Check out some of your colleagues’ recent achievements.
Meghan Harper, School of Library and Information Science, presented "In Search of Wonder: Common Core and More" at the National Children's Book and Literacy Alliance in Perry, Ohio, on Oct. 17, 2014.
Summary: Harper served on a panel at the event, discussing classic and contemporary books that can be used across all academic disciplines to enhance students' learning experiences.
Lala Hajibayova, School of Library and Information Science, presented a poster titled "Investigation of Level of Abstraction of Tags: What is Basic Across Basic Resource Genres?" at the Association for Information Science and Technology (ASIST) in Seattle, Washington on Oct. 31 - Nov. 5, 2014.
Carolyn Brodie, School of Library and Information Science, was awarded the 2014 Presidential Award by the Ohio Education Library Media Association. Brodie is a retired Kent State professor. The award honors individuals in the library field for their service to the School of Library and Information Science.
I. Richmond Nettey, associate dean of the College of Applied Engineering, Sustainability and Technology, at the invitation of the Association of Technology Management and Applied Engineering (ATMAE), delivered a peer-reviewed presentation on “Technology Alumni and Employer Surveys for Program Accreditation: Findings and Feedback to Tomorrow’s Gateway” at the 2014 ATMAE Conference in St. Louis, Missouri.
Thomas J. Froehlich, School of Library and Information Science, presented "A Brief History of Information Ethics: A New Outlook 10 Years Later (2004-2014)" at the Information Seeking in Context Conference in University of Barcelona, Barcelona, Spain, in October 2014.
Summary: Froehlich’s paper is the most heavily cited article from the University of Barcelona's online journal, bid, and appears as a second entry in a current Google search on "information ethics."
Yin Zhang, School of Library and Information Science, presented "System Function Adoption of an Open Source Digital Repository System: A Global View" and “A Tale of Social Q&As in the United States and China" at the Association for Information Science and Technology (ASIST) in Seattle, Washington, on Oct. 31 - Nov. 5, 2014.
Summary: Zhang presented two posters and was on the panel "Transforming the Date Landscape: Connecting Data, Policies and Communities."
Rick Feinberg, Department of Anthropology, presented "Anthropology and the Study of Non-instrument Navigation" at the "Lost and Found" Annual Science Symposium in Cambridge, Massachusetts, on Nov. 14, 2014.
Summary: The presentation was an introduction for scientists not in anthropology to Pacific Islanders' voyaging and navigational history and techniques.
Web link: www.radcliffe.harvard.edu/event/2014-lost-found-symposium
Additional Comments: This was an invited talk as part of a daylong annual science symposium sponsored by the Radcliffe Institute for Advanced Study at Harvard University. Other presenters included neuroscientists Eleanor Maguire (University College of London) and Yasser Roudi (Norwegian University of Science and Technology), both of whom have worked with 2014 Nobel Prize winners John O'Keefe, Edvard I. Moser and May-Britt Moser; animal behavior specialist Susanne Åkesson (Lund University, Sweden); George Hobbs (Commonwealth Scientific and Industrial Research Organization, Australia); and Harvard partical physicist John Huth, who has been working on Higgs boson research at the CERN lab in Switzerland.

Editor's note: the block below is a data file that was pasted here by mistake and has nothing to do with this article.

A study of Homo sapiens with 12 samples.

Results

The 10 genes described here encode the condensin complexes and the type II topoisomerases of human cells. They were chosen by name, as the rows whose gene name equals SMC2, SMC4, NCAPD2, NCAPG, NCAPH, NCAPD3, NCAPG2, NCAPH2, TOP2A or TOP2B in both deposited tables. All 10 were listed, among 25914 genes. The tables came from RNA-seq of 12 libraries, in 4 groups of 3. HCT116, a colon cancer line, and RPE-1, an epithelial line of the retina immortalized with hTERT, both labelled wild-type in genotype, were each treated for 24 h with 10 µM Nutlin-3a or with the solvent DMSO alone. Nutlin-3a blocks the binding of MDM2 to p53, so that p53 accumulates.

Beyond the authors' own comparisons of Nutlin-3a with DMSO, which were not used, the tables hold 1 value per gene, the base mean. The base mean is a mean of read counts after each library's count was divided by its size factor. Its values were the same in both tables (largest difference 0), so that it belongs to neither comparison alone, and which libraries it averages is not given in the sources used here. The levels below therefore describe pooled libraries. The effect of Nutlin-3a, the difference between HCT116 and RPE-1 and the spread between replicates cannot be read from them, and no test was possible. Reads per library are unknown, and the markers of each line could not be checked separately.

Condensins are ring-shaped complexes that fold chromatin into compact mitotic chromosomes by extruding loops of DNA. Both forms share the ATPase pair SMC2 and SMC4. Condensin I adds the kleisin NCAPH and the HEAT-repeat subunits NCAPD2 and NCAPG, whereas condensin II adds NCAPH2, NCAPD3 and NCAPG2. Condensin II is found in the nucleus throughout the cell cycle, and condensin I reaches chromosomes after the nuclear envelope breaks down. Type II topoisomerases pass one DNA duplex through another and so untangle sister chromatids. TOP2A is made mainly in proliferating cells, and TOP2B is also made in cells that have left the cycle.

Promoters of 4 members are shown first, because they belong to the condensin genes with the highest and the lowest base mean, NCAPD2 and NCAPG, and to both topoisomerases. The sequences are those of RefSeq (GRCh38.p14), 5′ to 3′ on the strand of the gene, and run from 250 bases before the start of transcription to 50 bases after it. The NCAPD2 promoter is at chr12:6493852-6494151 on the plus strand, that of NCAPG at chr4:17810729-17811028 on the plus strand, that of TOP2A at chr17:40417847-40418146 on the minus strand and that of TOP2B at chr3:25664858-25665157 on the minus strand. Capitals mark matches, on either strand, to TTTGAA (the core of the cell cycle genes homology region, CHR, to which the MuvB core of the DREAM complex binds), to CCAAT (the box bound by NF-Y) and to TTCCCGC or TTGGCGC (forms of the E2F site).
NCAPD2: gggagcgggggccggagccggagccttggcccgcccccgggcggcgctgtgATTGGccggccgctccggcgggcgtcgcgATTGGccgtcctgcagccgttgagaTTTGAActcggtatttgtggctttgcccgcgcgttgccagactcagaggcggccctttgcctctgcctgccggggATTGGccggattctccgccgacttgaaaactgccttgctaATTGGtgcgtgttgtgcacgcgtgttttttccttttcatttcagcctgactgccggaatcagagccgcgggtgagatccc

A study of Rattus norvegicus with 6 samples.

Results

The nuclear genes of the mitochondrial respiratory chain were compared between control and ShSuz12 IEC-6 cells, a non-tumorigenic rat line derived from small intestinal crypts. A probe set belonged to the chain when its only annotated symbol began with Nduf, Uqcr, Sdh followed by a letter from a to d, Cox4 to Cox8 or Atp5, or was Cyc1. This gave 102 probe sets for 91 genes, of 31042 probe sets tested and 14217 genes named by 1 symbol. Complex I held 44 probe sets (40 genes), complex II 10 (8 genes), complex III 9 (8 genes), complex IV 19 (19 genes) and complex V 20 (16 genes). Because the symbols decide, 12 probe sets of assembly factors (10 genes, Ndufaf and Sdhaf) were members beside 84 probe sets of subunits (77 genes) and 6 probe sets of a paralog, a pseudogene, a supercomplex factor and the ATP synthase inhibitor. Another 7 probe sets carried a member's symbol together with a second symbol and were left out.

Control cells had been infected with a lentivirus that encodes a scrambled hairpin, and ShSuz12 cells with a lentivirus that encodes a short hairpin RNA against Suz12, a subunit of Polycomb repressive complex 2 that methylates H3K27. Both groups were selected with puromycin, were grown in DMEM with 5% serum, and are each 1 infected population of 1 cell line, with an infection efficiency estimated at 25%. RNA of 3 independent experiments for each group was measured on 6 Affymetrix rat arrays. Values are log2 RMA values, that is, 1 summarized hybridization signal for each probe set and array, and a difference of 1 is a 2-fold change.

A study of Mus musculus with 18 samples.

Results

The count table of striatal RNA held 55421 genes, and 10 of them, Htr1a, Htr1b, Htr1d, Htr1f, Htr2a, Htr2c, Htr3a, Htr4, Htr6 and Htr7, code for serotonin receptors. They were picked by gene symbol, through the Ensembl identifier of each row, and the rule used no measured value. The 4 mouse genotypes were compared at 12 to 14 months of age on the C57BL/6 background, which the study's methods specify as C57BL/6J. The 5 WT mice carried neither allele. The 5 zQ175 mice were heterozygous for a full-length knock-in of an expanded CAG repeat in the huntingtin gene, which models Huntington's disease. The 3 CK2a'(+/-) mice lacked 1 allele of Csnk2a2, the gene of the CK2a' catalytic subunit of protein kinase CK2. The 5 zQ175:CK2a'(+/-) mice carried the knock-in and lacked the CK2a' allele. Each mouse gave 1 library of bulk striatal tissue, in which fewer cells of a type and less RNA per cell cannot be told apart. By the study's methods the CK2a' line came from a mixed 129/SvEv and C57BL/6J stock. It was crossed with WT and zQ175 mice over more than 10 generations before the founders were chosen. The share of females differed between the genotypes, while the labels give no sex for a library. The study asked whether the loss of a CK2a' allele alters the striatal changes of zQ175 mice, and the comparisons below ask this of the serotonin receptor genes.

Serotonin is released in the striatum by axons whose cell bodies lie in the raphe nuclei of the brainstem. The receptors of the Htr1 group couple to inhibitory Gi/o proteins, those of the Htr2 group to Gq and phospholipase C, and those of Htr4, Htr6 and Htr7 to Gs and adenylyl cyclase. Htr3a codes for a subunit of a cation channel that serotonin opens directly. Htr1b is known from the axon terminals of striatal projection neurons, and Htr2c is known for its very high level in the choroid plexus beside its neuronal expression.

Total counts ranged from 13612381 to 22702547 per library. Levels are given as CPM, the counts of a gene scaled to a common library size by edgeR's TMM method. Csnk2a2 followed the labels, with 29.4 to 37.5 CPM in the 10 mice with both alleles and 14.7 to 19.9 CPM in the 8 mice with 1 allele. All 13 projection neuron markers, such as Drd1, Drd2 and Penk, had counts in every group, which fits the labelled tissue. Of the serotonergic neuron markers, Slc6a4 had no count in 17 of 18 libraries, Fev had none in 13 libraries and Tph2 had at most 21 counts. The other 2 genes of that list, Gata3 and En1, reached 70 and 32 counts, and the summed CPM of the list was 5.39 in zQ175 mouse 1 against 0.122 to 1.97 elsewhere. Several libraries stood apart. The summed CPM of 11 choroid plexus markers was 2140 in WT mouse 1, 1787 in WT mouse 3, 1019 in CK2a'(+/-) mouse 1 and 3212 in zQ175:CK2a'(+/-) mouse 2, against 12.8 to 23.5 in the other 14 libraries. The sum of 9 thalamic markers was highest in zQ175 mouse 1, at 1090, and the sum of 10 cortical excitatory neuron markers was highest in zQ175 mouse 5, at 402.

Kiersten Latham, School of Library and Information Science, and Corina Iannaggi, graduate student in the School of Library and Information Science, authored a magazine article, "Instantiation: Academia's Pop-Up Museum" in Proceedings from the Annual Meeting of the Document Academy, Vol. 1, Article 2, 2014.
Summary: The paper was presented at the 2014 DOCAM conference at Kent State University in August 2014. Latham served as co-chair of the 2014 DOCAM conference.
Web link: http://ideaexchange.uakron.edu/docam/vol1/iss1/2/
Additional comments: The article provides an overview of the creation and installation of the Document Academy (DOCAM) 2014 Instantiation, an experimental exhibition intended to develop a three-dimensional representation of the DOCAM 2014 participants’ spoken presentations. During the installation process, it was evident that the Instantiation resembled a current trend in the museum profession known as “The Pop-Up Museum.” An evaluation of the Instantiation in the context of the Pop-Up Museum uncovered a similar core objective, the ability to create meaningful conversations centered around the participants’ documents on display. This objective was supported by participants’ responses to follow-up questions about their experience participating in and conversing about the Instantiation while attending the conference. It is believed that other academic conferences could benefit from a project similar to the Instantiation and the process outlined in this article can be used as a model for its creation.